Monks in Myanmar have drafted a law that would make illegal marriage between a Buddhist and a Muslim.
The discrimination is part of a wider story on ethnic tension that has seen violent clashes between majority Buddhists and minority Muslims.
The trouble is testing the ability of Myanmar's leaders to hold the country together, as it transitions to civilian rule.
Myanmar, which is also known as Burma, is about 90 per cent Buddhist, a religion characterised by inclusiveness and tolerance.
But lately, those central elements of Buddhist teachings have been overtaken by a desire to protect Buddhism from Islam.
Monk Ashin Wirathu has been blamed in part for fanning religious violence that flared first in western Myanmar's Rakhine state last year between Buddhists and Rohingya Muslims, and has since boiled over elsewhere.
He has been described as "Burma's Bin Laden" due to his extremist anti-Muslim teachings, which he delivers in lectures like this around the countryside.
"They have the belief that the world should have Islamic faith," he said.
"So it's not only Buddhism, they attack, invade all other religions in the world.
"Shouldn't we use violence and hardship on those who practice against us? Also shouldn't we retaliate against those who are bad to us?"
In Meiktila in central Myanmar, when fighting broke out in March, both Muslims and Buddhists lost their homes and businesses after parts of the city were torched.
But the loss of life and property was overwhelmingly Muslim.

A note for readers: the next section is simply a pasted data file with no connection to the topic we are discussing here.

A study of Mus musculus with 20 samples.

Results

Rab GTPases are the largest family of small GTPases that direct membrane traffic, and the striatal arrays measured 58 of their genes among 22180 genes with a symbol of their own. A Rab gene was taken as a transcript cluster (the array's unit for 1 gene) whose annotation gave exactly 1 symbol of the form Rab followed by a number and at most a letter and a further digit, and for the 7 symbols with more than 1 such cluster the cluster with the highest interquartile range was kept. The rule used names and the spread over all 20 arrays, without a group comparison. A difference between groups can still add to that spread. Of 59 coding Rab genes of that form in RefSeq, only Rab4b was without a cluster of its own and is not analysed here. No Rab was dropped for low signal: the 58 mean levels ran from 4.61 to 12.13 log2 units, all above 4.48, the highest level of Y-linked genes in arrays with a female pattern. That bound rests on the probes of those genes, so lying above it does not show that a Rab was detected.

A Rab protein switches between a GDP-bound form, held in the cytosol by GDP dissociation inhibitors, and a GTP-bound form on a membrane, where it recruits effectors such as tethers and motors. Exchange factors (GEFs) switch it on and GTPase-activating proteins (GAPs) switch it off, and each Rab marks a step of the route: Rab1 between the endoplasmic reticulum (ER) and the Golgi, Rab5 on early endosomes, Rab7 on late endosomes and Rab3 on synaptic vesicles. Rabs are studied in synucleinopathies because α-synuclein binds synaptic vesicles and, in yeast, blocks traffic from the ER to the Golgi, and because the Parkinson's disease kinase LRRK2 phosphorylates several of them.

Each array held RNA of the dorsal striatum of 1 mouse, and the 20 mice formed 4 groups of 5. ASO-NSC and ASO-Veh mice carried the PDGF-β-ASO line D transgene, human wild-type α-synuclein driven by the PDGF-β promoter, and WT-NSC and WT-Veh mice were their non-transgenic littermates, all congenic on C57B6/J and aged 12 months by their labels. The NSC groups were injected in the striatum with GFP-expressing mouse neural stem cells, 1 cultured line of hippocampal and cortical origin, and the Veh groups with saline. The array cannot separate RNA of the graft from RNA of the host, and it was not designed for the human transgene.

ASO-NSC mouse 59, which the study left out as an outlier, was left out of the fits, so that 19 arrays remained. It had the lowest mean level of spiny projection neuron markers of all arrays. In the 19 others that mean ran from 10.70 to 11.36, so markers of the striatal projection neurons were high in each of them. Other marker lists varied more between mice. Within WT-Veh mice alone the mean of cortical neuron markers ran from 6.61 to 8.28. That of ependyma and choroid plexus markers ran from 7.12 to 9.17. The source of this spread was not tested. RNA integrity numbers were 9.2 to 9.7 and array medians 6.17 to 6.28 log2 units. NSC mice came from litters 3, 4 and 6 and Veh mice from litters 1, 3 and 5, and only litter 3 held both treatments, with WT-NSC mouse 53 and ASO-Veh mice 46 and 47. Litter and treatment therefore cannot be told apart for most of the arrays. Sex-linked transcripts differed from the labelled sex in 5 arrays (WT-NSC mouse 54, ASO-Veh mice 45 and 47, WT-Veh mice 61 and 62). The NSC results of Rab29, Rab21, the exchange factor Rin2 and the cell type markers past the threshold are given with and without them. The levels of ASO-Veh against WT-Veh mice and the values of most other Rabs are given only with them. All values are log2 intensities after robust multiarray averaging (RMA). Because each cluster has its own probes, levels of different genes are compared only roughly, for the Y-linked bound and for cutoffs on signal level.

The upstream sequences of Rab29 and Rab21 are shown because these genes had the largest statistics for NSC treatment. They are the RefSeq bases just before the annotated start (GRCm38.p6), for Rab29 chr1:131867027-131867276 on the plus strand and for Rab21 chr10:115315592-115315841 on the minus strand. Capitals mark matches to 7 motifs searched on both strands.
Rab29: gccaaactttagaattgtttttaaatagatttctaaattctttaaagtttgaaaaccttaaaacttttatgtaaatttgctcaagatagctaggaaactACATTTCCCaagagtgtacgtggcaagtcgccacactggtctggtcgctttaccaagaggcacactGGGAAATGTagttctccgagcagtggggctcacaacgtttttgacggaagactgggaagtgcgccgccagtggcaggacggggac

Now parts of town are closed off and in ruins, a few flags marking Buddhist homes lost in the vast destruction around a mosque.
Tension remains among once harmonious communities
Monk U Wi Thadda sheltered Muslims from the rampaging mob during those dark days a few months ago.
He is now working with Islamic leaders to try to restore trust between the two communities.
"I teach all people, whether from Buddhism or Islam, to interact with one another based on trust whenever they come together," he said.
But Islamic leader U San Win Shein says the relationship remains tense.
"We lived like family, relatives with Buddhist people, we lived like siblings but since this happened they have fear and worry in their minds," he said.
"They don't have trust anymore and I can see that they do not have same warm feelings as before."
Muslims displaced in the fighting are staying out of town in camps which the ABC was were unable to access.
About 5,000 people remain in camps, because their houses were burnt down in the violence.
Only Muslims have so far been prosecuted over the violence. One man has been jailed for killing a Buddhist monk with a sword and setting the body on fire.
Yet no one has yet been held to account for burning down a Muslim school, killing 28 children and several teachers.
Myanmar authorities say it is only a matter of time before Buddhist offenders are also held to account, but lawyer Thein Than Oo is concerned that there is little will to do so.
"There is no-one taking action over the murder of the children and many other people," he said.
"Let's say they're not even actively unofficially investigating the situation."
The fighting has now flared in four states and in all but one it has been contained to a single town.
In some cases local residents claim that strangers have come from outside, hell bent on causing trouble.